Danville Boulevard in Danville, CA

The roadkill is gone from Danville Boulevard: the unintended good consequences of the coronavirus.

Chirag Asaravala

For as long as I have lived in Alamo, CA, but especially so the last ten years, I have always noticed the ungodly amount of roadkill on Danville Boulevard. Deer and fawn, raccoon families, coyotes, even a turtle, and hundreds of squirrels — all reduced to red spaghetti-like smears on black asphalt. It’s a harrowing sight — death. The final agonized mouth agape is tragically common to all natural beings it seems.

The two lane road spans some 20 miles between Walnut Creek and Pleasanton, changing names in Dublin to San Ramon Valley Blvd. To the west is the Las Trampas hill range and to the east are a mix of open space and urban development in the shadow of Mt. Diablo. It’s not hard to imagine a time when animals and indigenous people would have roamed a roadless landscape free of mechanical predators. The Boulevard was built in the early 1900’s after the Southern Pacific railway stop in Danville led to the town’s boom. And by the standards of those times, “boom” meant the human population doubled to nearly 5000 by 1950. Today the city has over 40,000 residents, sandwiched by other East Bay cities with as many or more people. Everyone trying to cram their vehicles and point them in some direction towards occupations in San Francisco and Silicon Valley. The history and numbers are trivial, if not useless. The reality is humans and cars have had a significant impact on Nature here. But now, amidst the coronavirus driven human hibernation, Nature is making a come back.

It’s been just a few weeks since the coronavirus pandemic hit California and the shelter-in-place orders were issued. But just days into this new, yet old, way of living the changes are detectable and welcomed. The sound of traffic on I-680 is almost gone, and so are the news helicopters that would hover incessantly to monitor it. The morning bumper to bumper that clogged Danville boulevard like the occluded arteries of many of its travelers, also gone. Gone too are the aggravated drivers, the angry faces and gestures, and the distracted ones — caught up in their devices in the name of “work.”

You can hear silence again.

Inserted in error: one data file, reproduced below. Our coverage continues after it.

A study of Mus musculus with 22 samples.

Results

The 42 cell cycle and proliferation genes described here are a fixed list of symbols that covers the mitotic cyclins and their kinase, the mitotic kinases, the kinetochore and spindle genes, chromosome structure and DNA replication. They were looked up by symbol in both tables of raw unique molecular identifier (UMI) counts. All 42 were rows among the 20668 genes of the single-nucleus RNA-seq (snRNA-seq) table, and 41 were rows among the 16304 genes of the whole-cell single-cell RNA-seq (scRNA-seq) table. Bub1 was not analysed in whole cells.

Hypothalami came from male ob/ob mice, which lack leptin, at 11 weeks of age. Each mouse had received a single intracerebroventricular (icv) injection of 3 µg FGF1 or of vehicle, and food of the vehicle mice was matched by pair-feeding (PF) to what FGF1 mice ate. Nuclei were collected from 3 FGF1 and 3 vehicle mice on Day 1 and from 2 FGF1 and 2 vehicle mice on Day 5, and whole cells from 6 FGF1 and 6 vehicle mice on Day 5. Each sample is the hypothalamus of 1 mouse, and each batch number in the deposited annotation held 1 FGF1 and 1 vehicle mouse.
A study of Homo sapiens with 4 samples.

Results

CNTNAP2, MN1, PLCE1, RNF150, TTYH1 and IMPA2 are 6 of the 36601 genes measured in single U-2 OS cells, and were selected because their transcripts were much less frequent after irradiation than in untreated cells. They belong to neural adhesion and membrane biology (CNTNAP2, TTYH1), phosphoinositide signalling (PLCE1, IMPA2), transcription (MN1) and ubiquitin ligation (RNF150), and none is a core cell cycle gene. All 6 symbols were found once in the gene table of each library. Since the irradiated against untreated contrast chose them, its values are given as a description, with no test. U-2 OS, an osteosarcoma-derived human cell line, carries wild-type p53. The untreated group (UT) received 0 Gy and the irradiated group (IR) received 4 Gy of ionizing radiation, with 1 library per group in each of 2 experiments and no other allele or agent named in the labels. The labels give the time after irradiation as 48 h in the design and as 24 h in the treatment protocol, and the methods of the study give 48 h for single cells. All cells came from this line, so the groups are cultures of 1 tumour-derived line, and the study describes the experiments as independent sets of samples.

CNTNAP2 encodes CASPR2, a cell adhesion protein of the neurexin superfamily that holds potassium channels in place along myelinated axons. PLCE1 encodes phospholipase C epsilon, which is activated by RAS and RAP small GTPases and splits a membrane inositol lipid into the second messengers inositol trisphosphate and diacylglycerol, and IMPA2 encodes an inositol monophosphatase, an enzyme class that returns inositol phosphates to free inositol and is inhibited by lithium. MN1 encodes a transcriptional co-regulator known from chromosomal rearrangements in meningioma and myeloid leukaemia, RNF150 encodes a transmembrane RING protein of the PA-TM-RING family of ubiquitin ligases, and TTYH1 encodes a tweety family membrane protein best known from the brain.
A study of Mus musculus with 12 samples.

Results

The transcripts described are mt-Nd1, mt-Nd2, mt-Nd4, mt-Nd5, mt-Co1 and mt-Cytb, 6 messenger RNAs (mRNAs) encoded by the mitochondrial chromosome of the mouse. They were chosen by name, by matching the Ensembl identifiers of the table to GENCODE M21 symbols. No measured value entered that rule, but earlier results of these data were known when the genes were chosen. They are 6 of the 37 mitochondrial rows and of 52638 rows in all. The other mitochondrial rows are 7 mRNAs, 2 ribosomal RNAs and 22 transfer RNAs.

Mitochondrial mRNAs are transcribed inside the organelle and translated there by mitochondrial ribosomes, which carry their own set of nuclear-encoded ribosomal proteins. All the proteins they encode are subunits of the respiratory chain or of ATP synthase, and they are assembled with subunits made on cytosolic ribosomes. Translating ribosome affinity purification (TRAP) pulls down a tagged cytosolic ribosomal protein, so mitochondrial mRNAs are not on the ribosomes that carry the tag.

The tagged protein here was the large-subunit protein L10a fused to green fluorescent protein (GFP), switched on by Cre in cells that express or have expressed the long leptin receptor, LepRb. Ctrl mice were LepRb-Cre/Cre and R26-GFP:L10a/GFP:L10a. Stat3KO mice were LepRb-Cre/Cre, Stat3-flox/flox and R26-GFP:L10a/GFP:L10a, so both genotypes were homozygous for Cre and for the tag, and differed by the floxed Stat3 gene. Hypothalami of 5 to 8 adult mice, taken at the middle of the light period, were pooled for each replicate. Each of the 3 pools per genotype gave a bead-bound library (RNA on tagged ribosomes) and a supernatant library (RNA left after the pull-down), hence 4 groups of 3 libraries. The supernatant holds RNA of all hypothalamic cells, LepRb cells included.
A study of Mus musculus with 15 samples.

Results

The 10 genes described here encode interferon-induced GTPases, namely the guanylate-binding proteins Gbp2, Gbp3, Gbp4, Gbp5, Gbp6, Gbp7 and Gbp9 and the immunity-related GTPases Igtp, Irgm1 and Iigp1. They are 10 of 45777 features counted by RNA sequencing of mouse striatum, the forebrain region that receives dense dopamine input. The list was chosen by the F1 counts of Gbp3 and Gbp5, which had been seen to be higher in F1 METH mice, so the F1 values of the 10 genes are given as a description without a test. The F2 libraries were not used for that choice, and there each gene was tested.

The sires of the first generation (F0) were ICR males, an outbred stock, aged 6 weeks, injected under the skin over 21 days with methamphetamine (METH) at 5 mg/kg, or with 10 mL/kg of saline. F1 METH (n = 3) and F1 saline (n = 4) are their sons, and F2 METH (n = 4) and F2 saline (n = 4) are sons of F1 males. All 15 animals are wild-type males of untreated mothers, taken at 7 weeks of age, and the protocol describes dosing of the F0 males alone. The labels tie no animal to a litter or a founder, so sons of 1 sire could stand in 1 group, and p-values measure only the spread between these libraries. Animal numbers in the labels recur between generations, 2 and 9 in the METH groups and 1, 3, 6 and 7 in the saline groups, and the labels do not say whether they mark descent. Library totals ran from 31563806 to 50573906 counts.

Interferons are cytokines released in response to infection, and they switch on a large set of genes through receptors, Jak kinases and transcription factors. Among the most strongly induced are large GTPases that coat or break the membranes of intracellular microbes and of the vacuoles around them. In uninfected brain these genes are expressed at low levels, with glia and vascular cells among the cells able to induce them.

I used to rarely hear birds chirping from my backyard. Now, as I write this under the plum tree, the birds are all I hear. The honk of innocent geese soaring in the air above is pleasant and has replaced truckers blaring their air horns. I hear kids in the street, playing at a safe distance from each other, and neighbors walking dogs talking to other neighbors doing the same. Danville Boulevard is empty in both directions at almost all hours of the day now. Some say it’s eerie — nah, it’s a relief. I can ride my bicycle without worry of being ran-over, as many of my friends have unfortunately experienced. I can send my daughter to the Iron Horse Trail, to pet the horses, without having to nervously watch her cross the road.

Two mallards, a mating pair in all likelihood, have been sitting all week on the brushy shoulder of the road. Today they are on the other side doing the same. Nothing un-natural threatens them.

While many agonize over the economic impacts of the pandemic, Nature is experiencing a bull market. She is breathing again in the loosening of the stranglehold man’s “civilization” has had on her for centuries. The effect is everywhere too. In China and India the skies have cleared from their perpetual asphyxiation; in Venice the canals are blue and dolphins have returned; and in India the Spotted Civit cat has been seen wandering the streets of Calcutta for the first time in over 30 years.

Emerson eloquently described these existential self-leveling effects of Nature:

“If the gatherer gathers too much, nature takes out of the man what she puts into his chest; swells the estate, but kills the owner. Nature hates monopolies and exceptions. The waves of the sea do not more speedily seek a level from their loftiest tossing, than the varieties of condition tend to equalize themselves.”

The pandemic of our times of course poses real hardships for us, and it is human nature to aim to resolve them. But there is good, for nothing in Nature is inherently and permanently bad. Even the coronavirus has an upside — allowing Nature to balance her books. While it may be unavoidable for us to dwell on the damage to our financial economy, we ought to rejoice in the resurgence of the Natural economy for it is sure to pay us dividends in due course.